WeCo rethinks accessibility by design

by Tristan Pollock


WeCoDuring your daily Internet activities you will pass over thousands of hidden coded lines — HTML, JavaScript, CSS, you name it. If you are a developer, you know what it looks like and how to use it, but you might have overlooked an important detail: not all visitors are created equal.

Many of us are purely visual, but there is a subset of Internet users that do not use website pages conventionally. That’s why St. Paul’s Wehrman Collaborative, or WeCo, was formed.

WeCo works with government, private and public companies, and nonprofits to improve online design from the code up, making sites much more accessible to many different kinds of complimentary technologies, including screen readers for the visually impaired, speech recognition and eye tracker systems for people with limited hand use, and many other devices.

Lynn Wehrman“Our primary purpose is to provide user experience testing surrounding how people with disabilities use websites,” explains WeCo president and founder, Lynn Wehrman.

WeCo is an evermore common combination of a social venture and for-profit business called a social enterprise, or mission-based for-profit. Created in the wake of the Americans with Disabilities Act (ADA) to assist disabled Internet users by helping redesign the very websites that are trouble-filled, WeCo employs a team of test consultants composed completely of their target audience: disabled individuals. Currently, they employ a nine-person test team, but have plans to hire 21 more testers in 2012.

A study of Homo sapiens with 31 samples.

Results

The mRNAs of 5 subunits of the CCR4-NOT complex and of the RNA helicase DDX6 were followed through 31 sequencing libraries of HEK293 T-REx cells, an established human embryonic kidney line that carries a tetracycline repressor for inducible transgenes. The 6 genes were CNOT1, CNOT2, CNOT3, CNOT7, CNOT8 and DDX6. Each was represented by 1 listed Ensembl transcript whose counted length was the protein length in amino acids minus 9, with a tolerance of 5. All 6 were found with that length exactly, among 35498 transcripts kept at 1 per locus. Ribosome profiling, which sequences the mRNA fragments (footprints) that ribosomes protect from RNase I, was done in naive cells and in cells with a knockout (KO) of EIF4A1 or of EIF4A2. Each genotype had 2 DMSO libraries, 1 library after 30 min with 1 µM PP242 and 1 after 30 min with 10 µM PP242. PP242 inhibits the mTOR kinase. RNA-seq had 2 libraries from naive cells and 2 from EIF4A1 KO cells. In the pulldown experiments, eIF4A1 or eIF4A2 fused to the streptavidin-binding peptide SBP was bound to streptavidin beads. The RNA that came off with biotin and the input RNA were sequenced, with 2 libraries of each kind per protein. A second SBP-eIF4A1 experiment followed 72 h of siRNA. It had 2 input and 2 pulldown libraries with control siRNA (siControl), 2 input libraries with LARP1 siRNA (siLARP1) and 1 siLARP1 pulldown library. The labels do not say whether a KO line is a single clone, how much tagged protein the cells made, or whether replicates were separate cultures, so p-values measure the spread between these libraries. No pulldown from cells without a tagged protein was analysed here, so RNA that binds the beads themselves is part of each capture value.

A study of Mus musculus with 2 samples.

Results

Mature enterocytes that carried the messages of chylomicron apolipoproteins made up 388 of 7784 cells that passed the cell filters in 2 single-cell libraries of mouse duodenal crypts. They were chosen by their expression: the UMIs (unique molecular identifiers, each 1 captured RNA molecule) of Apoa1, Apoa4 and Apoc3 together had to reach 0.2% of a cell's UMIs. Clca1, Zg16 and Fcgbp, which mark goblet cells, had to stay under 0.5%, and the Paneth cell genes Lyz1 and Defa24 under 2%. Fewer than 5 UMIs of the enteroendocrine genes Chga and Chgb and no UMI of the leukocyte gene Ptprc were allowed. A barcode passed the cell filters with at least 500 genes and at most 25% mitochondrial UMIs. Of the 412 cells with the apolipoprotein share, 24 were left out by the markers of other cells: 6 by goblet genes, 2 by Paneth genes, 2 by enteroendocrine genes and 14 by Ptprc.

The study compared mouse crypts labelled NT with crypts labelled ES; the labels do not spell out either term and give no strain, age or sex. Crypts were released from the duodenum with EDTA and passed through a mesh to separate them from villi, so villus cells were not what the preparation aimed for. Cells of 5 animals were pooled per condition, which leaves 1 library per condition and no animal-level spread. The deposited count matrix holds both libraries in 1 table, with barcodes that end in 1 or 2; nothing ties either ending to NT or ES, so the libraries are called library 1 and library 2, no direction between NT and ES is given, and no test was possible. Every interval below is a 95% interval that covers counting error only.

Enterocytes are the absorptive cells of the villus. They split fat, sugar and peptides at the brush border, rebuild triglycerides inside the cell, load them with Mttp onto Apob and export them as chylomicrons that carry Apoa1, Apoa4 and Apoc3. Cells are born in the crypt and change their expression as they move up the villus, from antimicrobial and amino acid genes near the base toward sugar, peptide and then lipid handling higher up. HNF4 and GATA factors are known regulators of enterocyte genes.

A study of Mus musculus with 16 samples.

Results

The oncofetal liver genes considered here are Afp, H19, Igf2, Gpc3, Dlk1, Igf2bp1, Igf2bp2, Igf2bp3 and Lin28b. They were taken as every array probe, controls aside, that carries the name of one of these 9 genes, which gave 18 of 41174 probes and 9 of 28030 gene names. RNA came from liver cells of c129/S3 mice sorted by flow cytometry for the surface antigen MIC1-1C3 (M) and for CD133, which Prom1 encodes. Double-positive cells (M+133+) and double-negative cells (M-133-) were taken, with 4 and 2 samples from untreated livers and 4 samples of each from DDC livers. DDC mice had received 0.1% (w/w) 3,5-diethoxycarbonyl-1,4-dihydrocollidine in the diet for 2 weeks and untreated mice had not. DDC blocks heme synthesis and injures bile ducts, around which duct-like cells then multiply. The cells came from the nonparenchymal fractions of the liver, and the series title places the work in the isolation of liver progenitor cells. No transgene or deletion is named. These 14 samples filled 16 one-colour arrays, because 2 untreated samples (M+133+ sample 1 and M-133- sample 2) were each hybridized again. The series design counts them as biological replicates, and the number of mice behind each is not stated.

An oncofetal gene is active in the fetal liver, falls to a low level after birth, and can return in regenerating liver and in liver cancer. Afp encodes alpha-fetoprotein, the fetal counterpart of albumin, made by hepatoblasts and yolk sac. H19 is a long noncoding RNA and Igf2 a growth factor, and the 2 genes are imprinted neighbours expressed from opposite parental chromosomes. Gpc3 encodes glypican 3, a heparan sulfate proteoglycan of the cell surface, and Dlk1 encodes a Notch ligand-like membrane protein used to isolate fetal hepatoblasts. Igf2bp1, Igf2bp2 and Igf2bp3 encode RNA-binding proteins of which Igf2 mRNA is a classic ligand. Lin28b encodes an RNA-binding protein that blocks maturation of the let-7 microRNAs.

“We believe that people who live with disabilities have viable skills that should be rewarded [in the marketplace],” says Wehrman.

Wehrman Collaborative

Besides creating open and fair access for all, there are also legal issues that business and government entities should be careful not to overstep when it comes to communicating with their customers. In accordance with the ADA and Rehabilitation Act of 1973, organizations that received federal funds need to make communications available to all people, regardless of disability level. (There’s a lot more on basic access, but I’ll leave that to the attorneys.)

Wehrman Collaborative 2Overall, WeCo sticks with inclusion ideals focusing on testing websites with different technologies, educating on digital accessibility, managing partnerships with design firms who understand accessibility and the laws around it, and, more recently, working with Microsoft Office 2010 functionality with screen readers and speech recognition. And there’s only more to come.

On Dec. 7, WeCo was a featured presenter at the 2011 Minnesota Government IT Symposium, and just two days later they gave their first “Access Approved” seal to Northwest Indiana Regional Bus Authority based on the WeCo Standards of Access.